Creating an innovation index from patent data
Tiffany Schleeter explains the methodology behind this approach
Defining and measuring “innovation” can be a slippery task. What are the appropriate measurement metrics to use? How can we source the data? One easily and publically available source is patent data. Deloitte’s creative approach to building quantitative analyses enables us to dig deeper into this data and provides insights that can help us advise businesses and public sector clients on how to drive innovation on their teams.
What inspired you to write about this topic?
Grasping innovation is something that is very important to Deloitte and our clients, but can we really answer the question of how innovative something is? The fundamentally abstract nature of innovation makes fixed measures of innovation difficult to come by. So we wanted to create an accurate and unbiased way to quantify how industries or groups are contributing to technological advancement. Patents are an excellent source of information that could help us tell that story.
Patent data are extremely detailed and longitudinal, and given their high quality, meet our research needs well. Most importantly, there is no underlying bias in patent data, which helps make our results more precise.
How is this approach different or new from others?
Our approach is unique because we simultaneously use information from both the entire dataset of patents, which we call the “patent universe,” as well as a subset to form an estimate of innovation. The subset is the patents pertaining to the industry we are analyzing. Download the PDF to learn about this approach.
Can you describe your process?
Mainly two variables in patent data make our approach possible: classifications, which are technology categories assigned to a patent, and citations, a list of previous patents referenced by a newer one. When one patent cites another patent, we can infer the knowledge flowed from the older patent into the newer invention. We used these features of patent data to create a patent network that showed how information from one technology area flowed into information in other technology areas. Patent classifications are represented by nodes, and the citations can be seen as links between two patents or technologies.
To understand where oil and gas innovation stands in relation to the center of the overall patent universe, we created a partial patent knowledge network from our subset of oil and gas patents. When displayed, it is represented by a web of points connected to each other by lines. We then compared each technology in the oil and gas patent network to the other technologies in the overall network. We determined whether oil and gas contributions were more or less central to innovation in the patent universe. This allowed us to iterate through hundreds of categories in a fair and consistent manner over time.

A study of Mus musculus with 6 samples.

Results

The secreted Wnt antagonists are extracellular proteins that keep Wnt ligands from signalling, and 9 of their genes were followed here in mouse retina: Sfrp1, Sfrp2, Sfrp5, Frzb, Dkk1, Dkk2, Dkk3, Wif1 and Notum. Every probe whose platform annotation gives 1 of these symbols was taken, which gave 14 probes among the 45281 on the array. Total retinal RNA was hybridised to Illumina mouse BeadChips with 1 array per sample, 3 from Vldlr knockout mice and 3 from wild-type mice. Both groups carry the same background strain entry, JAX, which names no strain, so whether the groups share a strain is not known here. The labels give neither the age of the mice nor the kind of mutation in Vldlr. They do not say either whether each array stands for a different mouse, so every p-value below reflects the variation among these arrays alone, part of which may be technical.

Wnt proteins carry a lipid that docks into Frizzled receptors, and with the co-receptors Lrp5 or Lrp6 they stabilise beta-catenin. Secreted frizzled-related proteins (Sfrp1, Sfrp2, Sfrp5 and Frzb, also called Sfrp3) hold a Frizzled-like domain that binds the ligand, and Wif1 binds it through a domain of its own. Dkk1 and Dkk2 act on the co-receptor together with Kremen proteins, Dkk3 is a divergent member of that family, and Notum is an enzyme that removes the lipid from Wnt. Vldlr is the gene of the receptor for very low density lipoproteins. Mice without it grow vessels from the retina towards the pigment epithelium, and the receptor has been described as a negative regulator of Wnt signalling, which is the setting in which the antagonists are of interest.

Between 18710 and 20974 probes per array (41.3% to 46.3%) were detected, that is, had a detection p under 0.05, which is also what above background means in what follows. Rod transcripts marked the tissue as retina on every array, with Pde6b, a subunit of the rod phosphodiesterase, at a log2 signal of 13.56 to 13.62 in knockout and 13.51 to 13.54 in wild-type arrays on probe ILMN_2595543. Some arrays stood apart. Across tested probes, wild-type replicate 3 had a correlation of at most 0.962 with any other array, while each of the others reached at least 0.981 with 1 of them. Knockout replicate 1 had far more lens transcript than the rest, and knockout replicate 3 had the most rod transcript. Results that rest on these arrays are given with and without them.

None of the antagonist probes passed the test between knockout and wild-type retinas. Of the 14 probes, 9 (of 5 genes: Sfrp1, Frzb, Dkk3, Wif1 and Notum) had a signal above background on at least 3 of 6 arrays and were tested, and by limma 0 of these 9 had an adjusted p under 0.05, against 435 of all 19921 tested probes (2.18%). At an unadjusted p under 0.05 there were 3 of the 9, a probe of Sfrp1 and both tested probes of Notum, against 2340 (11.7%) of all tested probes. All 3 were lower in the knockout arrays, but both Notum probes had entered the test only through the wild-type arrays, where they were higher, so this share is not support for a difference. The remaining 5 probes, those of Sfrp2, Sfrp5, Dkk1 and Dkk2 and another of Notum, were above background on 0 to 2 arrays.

How can this methodology be applied to other research?
In our paper, Patenting innovation in oil and gas, we applied network theory analysis to get to our findings because it visually displayed interrelated connections between variables to show their sequential relationships and interdependencies. This made a very complex and diverse set of data much easier to interpret and see connections. The subset of patents we use to calculate the innovation index is completely customizable. We can decide if we want to look into a short list of classifications, assignees, or patents. We used a subset of patents created from a list of representative oil and gas companies and their subsidiaries. A patent assignee is the intellectual property owner; often, these are corporations that are associated with a specific industry. So we made a table only of patents assigned to oil and gas companies and applied our technique to it. That same approach can be used across many different industries.
What challenges did you face?
The patent data have their limitations. Clearly, the dataset does not include non-patentable inventions. Also, the process of granting patents is lengthy, which means we have information about when the patent was granted, which can be a long while after the initial invention of the technology.
About Research & Eminence
Deloitte’s Research & Eminence group works collaboratively with Deloitte’s client service professionals to complement their business experience with research skills, delivering novel insights through our thought leadership. Our group consists of experts in surveys, library science, writing, analytics, statistics, programming, editing, graphics design, and subject matter experts in every industry sector.
The purpose of this series is to showcase some of the more innovative research methodologies we employ to underpin our evidence-based thought leadership. In addition, we’ll shed some light on the many professionals contributing to our publications with their specialized skills.